NPC has long argued that charity governance, at its best, means including people affected by the cause in the running of the charity.
So here’s an awkward question. What if a charity involves beneficiaries in this way—and then doesn’t agree with what it hears from them?
The US-based autism charity Autism Speaks shows how quickly this can turn toxic. The dominant voice on autism in the USA, the charity has struggled to articulate how it can best serve its different beneficiaries, even when some beneficiaries sit in positions of power. Thus co-founder Susan Wright—at the time bringing up an autistic child—referred to the condition as a national emergency where ‘life is lived moment-to-moment. In anticipation of the child’s next move. In despair. In fear of the future’. John Elder Robison, one of few autistic people in a position of responsibility at the charity, and the only known senior member at that time, resigned in protest against the image of autism as such a terrible burden.
By contrast, Autistica, one of the UK’s premier autism charities, has found a way to engage proactively with the autistic community. When it consulted on the top 10 research priorities for autism this year, 23% of respondents were individuals on the autism spectrum.
So does this mean charities should hand over the keys entirely to the beneficiaries? In reality it is rarely that simple. One look at deafness charities shows the complexities involved.
The development of hearing technology, including cochlear implants, have dramatically enhanced the capacity of deaf people to hear. But this has caused conflicts. Some in the deaf community (including, but certainly not limited to, people who sign as their first language) worry that implants could damage deaf culture by discouraging the use of sign language. At its most extreme, the move towards implants has been compared to ethnocide, the destruction of a culture.
This cultural battleground becomes especially sensitive around children, and charities can end up in an uncomfortable position—effectively taking sides in this conflict between beneficiaries. For example, the Mary Hare charity, which operates schools for deaf children, doesn’t permit sign language in teaching and actively encourages the use of verbal communication between classes. Its position aligns it with some parts of the deaf community, but squarely against others.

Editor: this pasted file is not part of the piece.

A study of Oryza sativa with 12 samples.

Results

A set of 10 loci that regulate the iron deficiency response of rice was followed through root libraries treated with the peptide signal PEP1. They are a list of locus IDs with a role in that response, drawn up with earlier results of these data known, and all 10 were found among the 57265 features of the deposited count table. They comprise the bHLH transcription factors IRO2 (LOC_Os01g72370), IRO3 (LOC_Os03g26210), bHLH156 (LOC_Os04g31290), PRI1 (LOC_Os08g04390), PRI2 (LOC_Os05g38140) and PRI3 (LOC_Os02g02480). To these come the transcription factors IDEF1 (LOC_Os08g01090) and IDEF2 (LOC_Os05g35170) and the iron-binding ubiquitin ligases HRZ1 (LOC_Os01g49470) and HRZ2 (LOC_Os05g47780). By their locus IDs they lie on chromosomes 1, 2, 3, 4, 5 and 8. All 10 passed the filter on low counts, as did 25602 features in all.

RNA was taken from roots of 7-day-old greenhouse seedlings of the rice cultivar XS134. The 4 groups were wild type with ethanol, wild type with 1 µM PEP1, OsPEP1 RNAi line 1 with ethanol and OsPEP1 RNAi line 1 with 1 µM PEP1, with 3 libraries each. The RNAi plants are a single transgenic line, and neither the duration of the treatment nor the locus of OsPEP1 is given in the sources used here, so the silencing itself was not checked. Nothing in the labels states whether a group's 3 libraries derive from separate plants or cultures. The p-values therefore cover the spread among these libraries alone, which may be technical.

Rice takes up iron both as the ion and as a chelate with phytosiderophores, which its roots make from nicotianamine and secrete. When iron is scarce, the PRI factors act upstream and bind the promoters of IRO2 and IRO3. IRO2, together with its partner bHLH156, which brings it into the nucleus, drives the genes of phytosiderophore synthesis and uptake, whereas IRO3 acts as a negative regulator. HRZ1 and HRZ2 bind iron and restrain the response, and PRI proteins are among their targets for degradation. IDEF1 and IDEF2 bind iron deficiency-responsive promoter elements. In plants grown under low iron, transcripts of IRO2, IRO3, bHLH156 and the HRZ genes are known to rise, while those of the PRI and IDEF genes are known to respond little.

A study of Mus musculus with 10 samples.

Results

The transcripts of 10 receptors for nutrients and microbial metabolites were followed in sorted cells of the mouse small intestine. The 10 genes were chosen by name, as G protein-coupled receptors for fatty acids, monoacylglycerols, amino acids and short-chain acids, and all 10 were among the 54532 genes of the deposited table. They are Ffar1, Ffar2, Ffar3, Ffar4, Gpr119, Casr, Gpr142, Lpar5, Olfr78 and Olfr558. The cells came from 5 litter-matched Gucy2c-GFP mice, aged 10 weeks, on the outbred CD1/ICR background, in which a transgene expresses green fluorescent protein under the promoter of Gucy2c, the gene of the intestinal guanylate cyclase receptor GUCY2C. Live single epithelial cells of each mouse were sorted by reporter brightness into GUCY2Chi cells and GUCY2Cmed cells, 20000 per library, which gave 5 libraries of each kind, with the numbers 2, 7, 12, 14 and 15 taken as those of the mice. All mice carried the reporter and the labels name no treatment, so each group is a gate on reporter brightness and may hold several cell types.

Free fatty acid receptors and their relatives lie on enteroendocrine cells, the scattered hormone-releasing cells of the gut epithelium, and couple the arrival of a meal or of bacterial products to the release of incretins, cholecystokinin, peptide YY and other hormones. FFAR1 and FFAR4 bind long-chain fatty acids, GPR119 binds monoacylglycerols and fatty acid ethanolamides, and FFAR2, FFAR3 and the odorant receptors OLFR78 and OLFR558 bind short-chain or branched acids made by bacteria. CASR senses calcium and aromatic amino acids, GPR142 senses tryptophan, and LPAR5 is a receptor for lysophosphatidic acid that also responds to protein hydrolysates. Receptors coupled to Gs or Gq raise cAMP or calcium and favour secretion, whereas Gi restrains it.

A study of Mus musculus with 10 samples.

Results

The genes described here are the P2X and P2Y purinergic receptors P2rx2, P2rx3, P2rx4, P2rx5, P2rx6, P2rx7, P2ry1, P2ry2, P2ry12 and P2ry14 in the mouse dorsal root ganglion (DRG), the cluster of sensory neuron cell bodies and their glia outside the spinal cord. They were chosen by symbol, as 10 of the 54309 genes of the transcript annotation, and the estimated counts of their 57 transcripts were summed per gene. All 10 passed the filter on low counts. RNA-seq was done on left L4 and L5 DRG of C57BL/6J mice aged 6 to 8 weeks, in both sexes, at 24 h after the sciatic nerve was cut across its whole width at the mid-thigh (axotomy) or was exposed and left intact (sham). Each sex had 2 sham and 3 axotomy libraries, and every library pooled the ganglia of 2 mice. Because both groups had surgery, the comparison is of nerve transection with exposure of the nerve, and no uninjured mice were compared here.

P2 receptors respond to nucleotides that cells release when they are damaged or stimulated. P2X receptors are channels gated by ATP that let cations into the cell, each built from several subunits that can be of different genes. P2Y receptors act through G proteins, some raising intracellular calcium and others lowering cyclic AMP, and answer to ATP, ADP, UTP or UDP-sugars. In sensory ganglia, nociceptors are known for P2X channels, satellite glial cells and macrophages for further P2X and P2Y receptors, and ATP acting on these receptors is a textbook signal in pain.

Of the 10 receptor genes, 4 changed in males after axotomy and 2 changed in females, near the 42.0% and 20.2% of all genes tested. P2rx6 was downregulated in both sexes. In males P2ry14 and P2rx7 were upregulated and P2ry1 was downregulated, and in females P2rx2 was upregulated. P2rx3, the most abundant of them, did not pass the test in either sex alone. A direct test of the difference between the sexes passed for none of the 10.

So what is the solution? The best model is probably for a charity to integrate elements of joint decision-making between the people it supports and people with a background in charity governance (and, wherever possible, individuals who can combine the two).
One good example is the Thera Trust, a charity which provides support to adults with learning disabilities to help them find suitable housing, engage in employment, and live the lives they choose. The Trust is committed to promoting their beneficiaries as leaders in society, and to supporting those affected in managing the services they receive. This is entrenched across the organisation, including at the highest level—both Directors and non-executive Directors must include at least one person with a learning disability, and currently 40% of their directors have a learning disability.
Charities have also worked hard to break down some of the barriers between charity staff and the people they support. This is the approach embraced by Mosaic Clubhouse, which aims to maximise the involvement of their beneficiaries in the day-to-day operations of the charity (there are no ‘staff only’ areas in their buildings, for example). In charities like Parkinson’s UK, members—who may be directly affected by Parkinson’s Disease—hold voting powers to elect trustees and therefore have a potentially considerable sway over how the charity is run.
If this sort of good practice is possible for charities working with such tough beneficiary groups, it should be possible for most to give it a go. We know it isn’t always easy—which is why beneficiaries’ roles will be an essential part of the updates we’re making in the next few months to our little blue book guide to analysing charities. However, charities should be optimistic that they can engage with and learn from the people they support.